May wins mandate to reopen Brexit deal but EU says no changes
British Prime Minister Theresa May won a few weeks to salvage a Brexit deal but headed toward a clash with the European Union by promising to overhaul the divorce agreement she spent a year and a half negotiating with the bloc.
British Prime Minister Theresa May won parliament’s backing on Tuesday to renegotiate her Brexit deal – a major policy reversal that sets up a new standoff with the European Union after it ruled out any change.
May’s dramatic decision to abandon a pact she herself sealed with the 27 EU leaders at a summit last month came with Britain on course to crash out of the bloc in political and economic chaos on March 29.
The pound stabilised in early Asian trade on Wednesday after falling sharply on fears of a no-deal scenario as MPs voted through an amendment saying they would only support a divorce deal if its controversial “backstop” clause to keep the Irish border open was removed.
A spokesman for EU leader Donald Tusk said the deal was “not open for renegotiation” while French President Emmanuel Macron said it was the “best agreement possible”.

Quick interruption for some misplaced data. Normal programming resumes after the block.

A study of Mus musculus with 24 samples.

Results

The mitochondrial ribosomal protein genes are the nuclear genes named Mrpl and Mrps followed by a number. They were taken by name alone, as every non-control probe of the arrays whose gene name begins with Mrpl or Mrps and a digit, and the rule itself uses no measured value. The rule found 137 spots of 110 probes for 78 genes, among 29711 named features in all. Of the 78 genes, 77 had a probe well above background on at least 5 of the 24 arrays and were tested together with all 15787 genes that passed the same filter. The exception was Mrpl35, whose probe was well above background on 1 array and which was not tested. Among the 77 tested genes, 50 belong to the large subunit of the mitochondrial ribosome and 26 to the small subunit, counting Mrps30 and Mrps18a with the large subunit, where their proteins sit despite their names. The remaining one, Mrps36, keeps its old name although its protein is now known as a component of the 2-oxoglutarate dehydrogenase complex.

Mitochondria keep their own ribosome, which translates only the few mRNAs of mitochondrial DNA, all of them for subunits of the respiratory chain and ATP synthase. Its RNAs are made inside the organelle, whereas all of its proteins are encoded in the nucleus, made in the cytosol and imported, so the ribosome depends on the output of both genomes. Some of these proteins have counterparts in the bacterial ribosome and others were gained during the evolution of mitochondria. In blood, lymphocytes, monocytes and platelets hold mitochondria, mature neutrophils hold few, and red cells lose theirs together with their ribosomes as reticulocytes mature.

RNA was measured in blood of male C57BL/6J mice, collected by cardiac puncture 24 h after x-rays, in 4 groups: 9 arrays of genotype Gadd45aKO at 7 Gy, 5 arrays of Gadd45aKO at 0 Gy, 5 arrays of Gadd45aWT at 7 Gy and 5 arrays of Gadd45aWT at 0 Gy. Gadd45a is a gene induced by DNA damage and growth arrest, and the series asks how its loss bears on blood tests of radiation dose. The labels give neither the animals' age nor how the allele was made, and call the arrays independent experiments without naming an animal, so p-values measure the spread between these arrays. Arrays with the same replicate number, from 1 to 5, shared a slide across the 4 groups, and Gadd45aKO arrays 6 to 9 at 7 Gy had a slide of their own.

MPs also voted in favour of a non-binding measure that “rejects the United Kingdom leaving the European Union without a withdrawal agreement”.
But they failed to vote through a more important plan – backed by European supporters – that would have tried to force through a Brexit delay if no new deal with the EU emerged by February 26.
“I agree that we should not leave without a deal. However, simply opposing no-deal is not enough to stop it,” May told MPs.
“The government will now redouble its efforts to get a deal that this house can support.”
After the votes, opposition Labour leader Jeremy Corbyn said he was ready to meet May to discuss a “sensible Brexit solution that works for the whole country”.
“After months of refusing to take the chaos of no-deal off the table, the prime minister must now face the reality that no-deal is not an option,” he said.
May now faces a formidable challenge convincing Brussels to re-open talks that took 18 excruciating months to conclude.
She said parliament’s approval of the backstop amendment gave her the “mandate” to “seek to obtain legally binding changes to the withdrawal agreement”.
But she conceded that there was “limited appetite” in the EU for renegotiation.
“It won’t be easy,” said May. “But in contrast to a fortnight ago, this house has made it clear what it needs to approve the withdrawal agreement.”